A black bear was relocated from the town of Oracle on Friday, after the animal had been spotted around the community since late May. Reports of bears and mountain lions have increased due to the dry heat of summer, Arizona Game and Fish Department officials said.

The 2-3-year-old male bear was trapped, tranquilized and moved by Game and Fish staff to “a remote mountain range” after sightings of the animal increased in recent weeks and it damaged property, said Mark Hart, a spokesman for the agency in Tucson. The relocation comes as Game and Fish has received dozens of calls about bears and mountain lions in Southeastern Arizona, and the monsoon rains have mostly left Tucson out so far this summer.

Sightings of bears and mountain lions in more populated areas are “resource-driven,” Hart said. Some of the movement can also be attributed to young bears without established territory.

“We always have a high degree of wildlife populated areas in May and June because that's when it's hottest to driest, that happens every year, but we still haven't gotten any monsoon to speak of,” Hart said.

The Sierra Vista area, specifically the eastern portion of the Huachuca Mountains outside the city, has been “a hot spot for bear activity,” he said. Other bears in Southern Arizona include one that was spotted around Tucson’s Ft. Lowell Park in May, which later returned to the Catalina Mountains, and a bear relocated from the area of Mt. Graham.

Animals have been captured on trail cameras and even on Ring doorbells like that of Gladys Espineira. That surveillance camera captured footage of a bear in Espineira’s front yard on May 26 a little after 5 a.m., sending an alert and still image to her.

“When I opened my phone, you get like a little screenshot, so I was like ‘There’s a giant dog in front of my camera,’” Espineira said. She soon discovered that the animal that briefly visited her home was no dog.

In 18 years in her Oro Valley home she’d never seen a bear prior to May. Mountain lions are seen infrequently, Espineira said.


“What's been unusual about this year is multiple sightings in short periods of time,” he said. “In a matter of days, we'll get three or four reports of a mountain lion or bear in a populated area.”

The reason for the swarm of reports is unclear, Hart said, but it makes managing wildlife that much harder. The department has to check if reported animals are just moving through more populated areas or “menacing someone,” he said. Moving the bears from Oracle and Mt. Graham was “preemptive” and not because the animals were directly threatening anyone.

Reports of mountain lions in the area include one at the doors of Loews Ventana Canyon Resort in April, Hart said, which was scared off by the resort's automatic doors. Another mountain lion was seen in Marana drinking from a swimming pool late last month.

Moving mountain lions is more challenging than bears because the big cats will fight to the death over territory, Hart said.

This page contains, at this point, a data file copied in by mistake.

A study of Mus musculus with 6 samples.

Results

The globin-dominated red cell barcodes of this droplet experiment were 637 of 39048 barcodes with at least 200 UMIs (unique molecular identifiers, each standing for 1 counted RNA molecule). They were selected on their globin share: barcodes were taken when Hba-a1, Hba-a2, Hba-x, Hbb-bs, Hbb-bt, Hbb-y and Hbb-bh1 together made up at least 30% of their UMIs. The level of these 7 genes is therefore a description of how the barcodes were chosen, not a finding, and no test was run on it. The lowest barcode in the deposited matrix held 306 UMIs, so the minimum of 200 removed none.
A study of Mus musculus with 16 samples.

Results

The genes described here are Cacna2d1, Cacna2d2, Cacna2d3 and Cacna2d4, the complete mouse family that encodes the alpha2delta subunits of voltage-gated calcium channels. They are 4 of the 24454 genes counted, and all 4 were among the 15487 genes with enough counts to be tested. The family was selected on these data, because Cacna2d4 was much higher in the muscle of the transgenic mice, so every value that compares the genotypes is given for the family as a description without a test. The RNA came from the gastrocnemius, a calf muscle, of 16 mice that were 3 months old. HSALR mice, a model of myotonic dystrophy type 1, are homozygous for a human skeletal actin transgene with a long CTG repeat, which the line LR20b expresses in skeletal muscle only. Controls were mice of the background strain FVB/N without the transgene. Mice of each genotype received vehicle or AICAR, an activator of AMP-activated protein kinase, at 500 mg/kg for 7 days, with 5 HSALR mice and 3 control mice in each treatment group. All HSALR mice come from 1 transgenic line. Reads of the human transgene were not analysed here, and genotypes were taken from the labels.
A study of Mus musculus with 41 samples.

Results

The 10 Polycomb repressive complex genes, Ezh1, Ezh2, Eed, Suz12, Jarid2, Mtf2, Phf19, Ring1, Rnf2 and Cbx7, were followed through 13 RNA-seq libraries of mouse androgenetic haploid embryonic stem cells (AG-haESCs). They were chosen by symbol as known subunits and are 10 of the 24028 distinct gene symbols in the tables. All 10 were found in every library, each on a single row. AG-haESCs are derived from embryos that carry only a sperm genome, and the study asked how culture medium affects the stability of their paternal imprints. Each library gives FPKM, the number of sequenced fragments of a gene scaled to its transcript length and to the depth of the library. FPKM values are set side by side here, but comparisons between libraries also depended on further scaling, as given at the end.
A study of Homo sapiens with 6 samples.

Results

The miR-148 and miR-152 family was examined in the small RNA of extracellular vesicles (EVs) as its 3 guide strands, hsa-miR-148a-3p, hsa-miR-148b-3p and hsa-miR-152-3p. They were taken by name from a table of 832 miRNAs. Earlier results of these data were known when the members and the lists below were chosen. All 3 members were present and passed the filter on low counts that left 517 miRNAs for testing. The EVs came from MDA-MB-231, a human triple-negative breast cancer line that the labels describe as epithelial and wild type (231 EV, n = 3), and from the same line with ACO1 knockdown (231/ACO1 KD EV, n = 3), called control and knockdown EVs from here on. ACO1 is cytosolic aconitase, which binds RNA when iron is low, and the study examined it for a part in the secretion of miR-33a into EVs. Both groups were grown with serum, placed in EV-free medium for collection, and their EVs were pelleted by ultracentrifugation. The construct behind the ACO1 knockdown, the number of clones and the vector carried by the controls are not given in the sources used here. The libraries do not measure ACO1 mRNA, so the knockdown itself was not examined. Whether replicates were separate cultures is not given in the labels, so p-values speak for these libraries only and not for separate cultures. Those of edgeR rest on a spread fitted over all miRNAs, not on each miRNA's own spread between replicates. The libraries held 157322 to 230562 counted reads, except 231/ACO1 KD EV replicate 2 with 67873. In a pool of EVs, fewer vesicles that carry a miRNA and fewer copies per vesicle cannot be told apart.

“It's hard to relocate mountain lions because all the good lion habitat is full,” he said. “It's hard to move a lion from one place to another.”

Disappointing start to monsoon

During dry conditions, Game and Fish provides water to wildlife via watering holes. The department delivers water two or three times a week and helps manage roughly 60 watering holes in Southern Arizona, Hart said.

The year with the most wildlife reports in recent memory was 2020, he said. During that rainy season Tucson only received about 1.6 inches compared to an average of roughly 5.7 inches, according to the National Weather Service.

The reported rainfall for Tucson this season is also below average at about ¼ of an inch through nearly a month of the monsoon, while the average this far into the season is roughly ¾ of an inch. Tucson could still hit or exceed its average rainfall totals for the monsoon, said Aaron Hardin, a forecaster with the National Weather Service.

June did not have the traditional monsoon weather pattern of high pressure over the Four Corners region, he said, but this high pressure phenomena is occurring now.


While parts of Tucson have missed out on rainfall thus far, the overall region has received average to above average precipitation, he said. If Tucson is still below normal precipitation come mid-August then rainfall for the city may fall short this season, Hardin said.

A good storm can reduce the pressure dry conditions put on animals, Hart said.

“All it takes is a good storm to get some water on the ground and things ease up,” he said.

In the unlikely scenario that someone comes across a mountain lion or bear the person should face the animal and make themself appear larger by raising their arms and using items like a jacket, according to Arizona Game and Fish. If the bear does not move away, keep facing it and back away slowly. Similarly, a person who encounters a mountain lion should maintain eye contact and be loud. Sticks and rocks can help deter the animal, but turning away from them can be dangerous. Instead, slowly back up.


A juvenile black bear, photographed last week, was moved from Oracle last Friday after reports of the bear increased in recent weeks. The Arizona Game and Fish office in Tucson has received 40 reports each of bears and mountain lions in southeastern Arizona since May 1.